The AW5520QF features four HDR modes. The sole image controls they have is contrast, which only serves to adjust the highlight detail clip point. It’s best left at its default setting of 75%. We measured all four modes and determined that Reference was the most accurate. It’s aptly named because the errors are quite small.
HDR Brightness and Contrast
Contrast is the most important factor when considering any HDR display. While LCD monitors with FALD backlights do an excellent job at rendering deep blacks and bright whites, they can’t come close to the image depth of an OLED. LCDs have a brightness advantage, though. All the LCD panels here top 1,000 nits brightness with HDR, with the PA32UCX nearing the 1,500-nit mark. That adds depth and dimension and makes an image that holds up better under ambient lighting. But the AW5520QF, when viewed in a dark environment, is on a completely different level. To achieve the 406-nit peak we measured, we used a 5% window pattern. Again, we were unable to measure the black level, so HDR contrast is theoretically infinite.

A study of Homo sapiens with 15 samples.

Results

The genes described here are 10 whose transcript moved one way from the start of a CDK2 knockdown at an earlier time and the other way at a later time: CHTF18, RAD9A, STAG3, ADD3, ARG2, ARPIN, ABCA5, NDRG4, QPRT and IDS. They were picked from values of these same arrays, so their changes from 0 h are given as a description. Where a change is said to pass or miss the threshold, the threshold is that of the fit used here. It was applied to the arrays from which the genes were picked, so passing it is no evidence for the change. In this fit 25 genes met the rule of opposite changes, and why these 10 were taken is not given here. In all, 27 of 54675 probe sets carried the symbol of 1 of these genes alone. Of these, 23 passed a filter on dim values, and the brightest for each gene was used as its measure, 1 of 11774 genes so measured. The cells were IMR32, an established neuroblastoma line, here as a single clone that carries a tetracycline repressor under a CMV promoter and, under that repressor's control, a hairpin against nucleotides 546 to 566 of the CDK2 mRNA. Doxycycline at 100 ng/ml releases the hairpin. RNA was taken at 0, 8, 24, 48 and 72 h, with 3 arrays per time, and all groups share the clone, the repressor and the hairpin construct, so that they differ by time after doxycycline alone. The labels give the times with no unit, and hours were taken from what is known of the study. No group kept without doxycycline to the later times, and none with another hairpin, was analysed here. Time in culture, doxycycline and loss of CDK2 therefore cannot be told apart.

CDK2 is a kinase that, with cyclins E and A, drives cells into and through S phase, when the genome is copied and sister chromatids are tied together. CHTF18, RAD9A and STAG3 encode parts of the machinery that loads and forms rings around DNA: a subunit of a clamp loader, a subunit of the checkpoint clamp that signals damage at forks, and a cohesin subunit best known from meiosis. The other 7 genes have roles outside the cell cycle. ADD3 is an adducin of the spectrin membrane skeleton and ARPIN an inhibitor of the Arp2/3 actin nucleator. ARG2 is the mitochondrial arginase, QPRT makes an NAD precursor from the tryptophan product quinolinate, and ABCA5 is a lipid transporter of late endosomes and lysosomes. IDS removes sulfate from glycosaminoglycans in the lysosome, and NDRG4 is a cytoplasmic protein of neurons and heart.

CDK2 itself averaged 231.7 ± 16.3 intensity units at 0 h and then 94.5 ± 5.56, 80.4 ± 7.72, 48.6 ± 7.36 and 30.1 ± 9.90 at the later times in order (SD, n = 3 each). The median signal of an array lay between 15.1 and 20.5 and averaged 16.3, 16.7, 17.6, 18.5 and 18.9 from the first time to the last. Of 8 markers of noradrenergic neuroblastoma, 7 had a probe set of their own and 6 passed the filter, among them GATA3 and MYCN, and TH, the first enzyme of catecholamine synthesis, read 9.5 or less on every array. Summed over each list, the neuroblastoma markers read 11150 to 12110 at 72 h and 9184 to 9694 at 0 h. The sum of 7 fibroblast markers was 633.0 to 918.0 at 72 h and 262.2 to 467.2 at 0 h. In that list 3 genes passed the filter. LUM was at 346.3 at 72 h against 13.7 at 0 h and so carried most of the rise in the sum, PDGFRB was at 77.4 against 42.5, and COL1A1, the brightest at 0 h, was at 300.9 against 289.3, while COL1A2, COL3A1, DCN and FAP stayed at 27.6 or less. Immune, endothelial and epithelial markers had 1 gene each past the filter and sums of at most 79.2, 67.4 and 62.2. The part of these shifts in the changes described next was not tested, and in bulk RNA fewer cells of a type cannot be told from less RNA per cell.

Grayscale, EOTF and Color
The AW5520QF’s HDR grayscale accuracy is superb with only a few errors over 2d that are invisible to the naked eye. The tone-map clip point is just over 50%, and our test shows that luminance tracks almost exactly to standard. It doesn’t get much better than this.
The monitor has nearly full coverage of the DCI-P3 gamut, which is borne out by our HDR color test. Inner points are a little over-saturated, but tracking is linear to the triangle’s perimeter. There are no significant hue errors. The AW5520QF can’t quite get to the full Rec.2020 gamut, but it tries by over-saturating at every target point. Only the Asus PA32UCX comes anywhere close to rendering this enormous gamut.